Saturday, June 25, 2022

Manning fails to represent students

It's been a little over a year since we tepidly endorsed then-candidate Wyndham Manning for Dane County Supervisor of the 5th District. It was a decision made with a certain amount of reserve and precaution—one that was not made without considerable skepticism of Manning's ability to perform and execute in the position of supervisor and adequately represent the student voice. During his year in office, Manning has done little to challenge the low bar that was set for him, and his awkward and secretive announcement to not seek re-election only validated our earlier preoccupations with endorsing him.

Manning enthusiastically took the liberal progressive torch from his predecessor Ashok Kumar, who himself faced similar constraints in the supervisor position. But in contrast to Manning, Kumar was a vocal and much more transparent supervisor. Since his election in November of 2008, The Daily Cardinal has not seen so much as a press release from Manning. Though Kumar struggled at times, his door was open and he appeared ready to handle complaints.

Manning promised while running for election that he would exhibit a certain amount of accountability, promoting his use of office hours to increase contact with students. Perhaps the job was too much for Manning. He ran for the position with strong environmental stances, championing the agricultural roots of Dane County and mixing it with the overall liberal ideology that Madison is known for.

Manning proposed policies dealing with the pollution of our lakes as well as his desire for transportation reform, but when it came down to it, he never really acted on any of those promises. Many cited Manning's energy and attitude as reasons to vote for him in 2008, but the realization of his political responsibilities has definitely worn down Manning's optimistic beginnings.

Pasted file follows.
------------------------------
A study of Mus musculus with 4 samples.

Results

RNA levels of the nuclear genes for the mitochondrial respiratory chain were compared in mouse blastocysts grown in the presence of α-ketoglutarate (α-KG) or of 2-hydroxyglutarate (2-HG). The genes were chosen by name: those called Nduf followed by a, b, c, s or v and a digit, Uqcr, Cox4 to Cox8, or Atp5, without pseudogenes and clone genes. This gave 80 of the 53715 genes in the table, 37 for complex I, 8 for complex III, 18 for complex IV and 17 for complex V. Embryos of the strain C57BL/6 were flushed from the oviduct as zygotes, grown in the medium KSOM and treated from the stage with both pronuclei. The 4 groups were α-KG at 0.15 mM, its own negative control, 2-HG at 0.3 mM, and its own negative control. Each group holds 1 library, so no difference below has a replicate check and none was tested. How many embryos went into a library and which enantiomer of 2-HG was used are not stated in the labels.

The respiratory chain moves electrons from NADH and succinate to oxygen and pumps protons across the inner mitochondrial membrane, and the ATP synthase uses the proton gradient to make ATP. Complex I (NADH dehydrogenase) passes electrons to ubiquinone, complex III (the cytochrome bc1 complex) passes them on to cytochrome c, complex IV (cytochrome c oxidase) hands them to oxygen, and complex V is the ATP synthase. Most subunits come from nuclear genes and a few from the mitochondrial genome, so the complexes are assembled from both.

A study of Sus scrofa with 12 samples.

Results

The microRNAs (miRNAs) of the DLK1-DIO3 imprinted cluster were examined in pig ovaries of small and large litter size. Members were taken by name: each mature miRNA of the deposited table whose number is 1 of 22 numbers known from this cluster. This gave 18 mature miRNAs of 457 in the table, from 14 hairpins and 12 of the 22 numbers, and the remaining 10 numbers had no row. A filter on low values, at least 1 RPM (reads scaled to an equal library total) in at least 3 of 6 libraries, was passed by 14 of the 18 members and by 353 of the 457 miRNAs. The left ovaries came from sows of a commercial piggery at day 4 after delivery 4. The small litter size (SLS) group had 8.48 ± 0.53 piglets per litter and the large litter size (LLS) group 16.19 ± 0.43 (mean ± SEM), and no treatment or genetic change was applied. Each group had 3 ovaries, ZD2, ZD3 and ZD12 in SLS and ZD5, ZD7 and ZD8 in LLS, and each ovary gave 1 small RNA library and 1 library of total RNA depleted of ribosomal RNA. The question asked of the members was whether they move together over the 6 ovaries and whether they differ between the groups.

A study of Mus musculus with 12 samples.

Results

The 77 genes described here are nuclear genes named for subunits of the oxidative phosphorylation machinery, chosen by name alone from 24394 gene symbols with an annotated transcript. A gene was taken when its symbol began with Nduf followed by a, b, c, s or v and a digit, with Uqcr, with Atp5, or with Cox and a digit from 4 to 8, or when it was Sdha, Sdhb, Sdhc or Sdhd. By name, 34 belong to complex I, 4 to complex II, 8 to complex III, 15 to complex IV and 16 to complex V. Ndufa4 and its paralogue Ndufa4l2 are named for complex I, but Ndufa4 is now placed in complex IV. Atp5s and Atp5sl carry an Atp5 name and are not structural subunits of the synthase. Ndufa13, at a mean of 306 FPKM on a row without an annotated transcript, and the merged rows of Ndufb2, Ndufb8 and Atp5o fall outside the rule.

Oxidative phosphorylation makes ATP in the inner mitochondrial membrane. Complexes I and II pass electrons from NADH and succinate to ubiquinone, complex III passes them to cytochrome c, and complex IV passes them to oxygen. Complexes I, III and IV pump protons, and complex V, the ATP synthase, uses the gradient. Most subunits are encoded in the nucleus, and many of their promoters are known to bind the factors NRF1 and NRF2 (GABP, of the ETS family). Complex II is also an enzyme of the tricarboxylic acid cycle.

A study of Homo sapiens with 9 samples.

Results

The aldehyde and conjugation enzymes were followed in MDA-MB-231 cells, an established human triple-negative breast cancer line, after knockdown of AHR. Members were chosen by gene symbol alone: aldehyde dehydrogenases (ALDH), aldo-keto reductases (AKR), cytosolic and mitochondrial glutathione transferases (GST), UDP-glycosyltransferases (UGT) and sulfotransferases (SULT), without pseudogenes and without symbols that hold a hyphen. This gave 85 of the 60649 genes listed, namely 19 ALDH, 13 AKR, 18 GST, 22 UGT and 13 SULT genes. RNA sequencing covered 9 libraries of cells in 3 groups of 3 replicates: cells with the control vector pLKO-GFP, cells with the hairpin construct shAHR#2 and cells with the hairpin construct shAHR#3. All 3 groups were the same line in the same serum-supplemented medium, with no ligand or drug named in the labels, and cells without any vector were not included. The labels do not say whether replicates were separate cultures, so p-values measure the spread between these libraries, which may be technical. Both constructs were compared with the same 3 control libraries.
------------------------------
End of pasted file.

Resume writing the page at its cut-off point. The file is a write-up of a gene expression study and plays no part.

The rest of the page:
Manning served on six separate committees during his time as a Dane County Supervisor, including the Committee of Environment, Agriculture, and Natural Resources, as well as the Cultural Affairs Committee. Outside of his work on the board, Manning is well known for his integral role in Madison's Forward Music Festival, bringing his dedication to the role of supervisor into question.


From a student standpoint, the position of Dane County Supervisor is relatively ambiguous and comes off as unimportant. The two-year term is punctuated by the difficult campaign process, which includes mobilizing students who have little experience as citizens of Dane County. This definitely puts the District Supervisor at a disadvantage, but with adversity comes a significant amount of opportunity. Former District 8 Alder Eli Judge set a precedent for bringing the student voice to the city government with increased visibility and awareness of the position itself.

Manning's tenure has been cryptic and unsatisfying, his work lost amidst bigger projects that Manning put in front of student interests. It was this sort of behavior as well as the lack of communication that gave off the air that Manning really wasn't interested in the elected position. That or he was overwhelmed by the situation and handcuffed by the variables. But still, this is no excuse for a supervisor whose conflicting priorities certainly disrupted his chance to make a change.

In our initial endorsement of Manning, The Daily Cardinal Editorial Board wrote that Manning would be a quality supervisor if ""he turns his ears to constituents and opens his eyes to his own faults.""

Unfortunately, Manning was not so introspective, boisterously attending to other priorities and leaving behind the students he ran to represent. Manning leaves behind a legacy of incompetence, making a mockery of the position and inspiring leagues of underachieving students to run for political office. We hope that Manning's successor can learn from Manning's example and understand that it is imperative that they represent the student body in their work. After all, that was the job Manning was elected to accomplish.